Chopping Mall (1986) Lionsgate Blu-ray Review



The film is a riot and the Blu-ray has tons of special features

Plot: Eight teenagers are trapped after hours in a high tech shopping mall and pursued by three murderous security robots out of control.

Review: The glory days of the ‘80s exploitation film craze was never more perfectly personified than in the Jim Wynorski-directed grindhouse classic Chopping Mall. It’s Roger Corman’s knee-jerk reaction to the blockbuster hit Short Circuit, but grimier, sexier, and a heck of a lot shorter, but in its short running time (just over 70 minutes) it packs in as much gore, nudity, and explosions as the budget would allow, and the results are pretty great.

The story is gonzo nuts: A popular shopping mall installs three brand new security robots on tank wheels to patrol the mall after midnight to ward off intruders, and the robots (called “Killbots”) are armed with lethal weapons like lasers, knock out darts, bazookas, and artificial intelligence, which proves to be their most deadly accessory. On their first night after being installed, a lightning storm short circuits their hardwiring and they begin a killing spree, starting with their technicians and then the disgruntled janitor (played by Dick Miller, thank goodness). Their next order of business is to annihilate the frisky teenagers spending the night in the mattress store, and when the kids (played by an assortment of good looking actors and actresses such as Barbara Crampton, Kelli Maroney, John Terlesky, and others) realize that they’re being hunted down with ruthless aplomb, they make their way to Pekinpah’s gun store and gear up for war!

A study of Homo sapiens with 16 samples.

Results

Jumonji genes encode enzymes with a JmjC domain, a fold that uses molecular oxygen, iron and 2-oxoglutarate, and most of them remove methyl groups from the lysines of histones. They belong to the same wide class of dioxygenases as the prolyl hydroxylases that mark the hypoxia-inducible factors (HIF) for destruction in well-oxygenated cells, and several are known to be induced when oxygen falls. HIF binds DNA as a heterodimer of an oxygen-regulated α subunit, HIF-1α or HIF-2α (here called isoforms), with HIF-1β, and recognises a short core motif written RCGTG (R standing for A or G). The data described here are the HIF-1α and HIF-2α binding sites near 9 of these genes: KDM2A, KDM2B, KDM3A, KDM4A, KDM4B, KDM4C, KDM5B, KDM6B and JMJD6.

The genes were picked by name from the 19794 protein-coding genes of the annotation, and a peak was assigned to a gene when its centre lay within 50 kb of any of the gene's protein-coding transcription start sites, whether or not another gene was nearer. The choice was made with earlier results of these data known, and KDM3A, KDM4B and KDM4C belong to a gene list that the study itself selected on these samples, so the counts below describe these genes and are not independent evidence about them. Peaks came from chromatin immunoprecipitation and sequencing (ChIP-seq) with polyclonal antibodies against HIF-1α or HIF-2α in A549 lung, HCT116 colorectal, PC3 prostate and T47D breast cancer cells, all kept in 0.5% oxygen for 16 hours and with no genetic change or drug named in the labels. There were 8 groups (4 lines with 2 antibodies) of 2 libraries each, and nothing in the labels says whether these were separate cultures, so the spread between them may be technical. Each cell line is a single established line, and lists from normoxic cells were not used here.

With its tight run time and go-for-broke stab for anything-goes entertainment, Chopping Mall was a staple of the VHS era, and seeing the potential in the collector’s market, Lionsgate is about to release a slew of titles from their back catalogue library, titles once released under the “Vestron” label once upon a time. Chopping Mall is the first title in the series (it’s even numbered at 1 on the spine), and it’s a hoot of a release, with a gaggle of special features worthy of a collector’s obsession. With three (!) separate audio commentaries (two with Wynorski and crew members, and one with film historians), an isolated film score, and eight featurettes, the disc has more content than a movie like this warrants, but that’s the beauty of it: It’s part of a new collector’s series that lives up to the hype. It should also be mentioned that although the release doesn’t have a “signed and numbered” number quotient on the case, the release is indeed limited to only a single pressing, so quantities will most certainly dwindle and be gone before you know it. Grab yours while you can.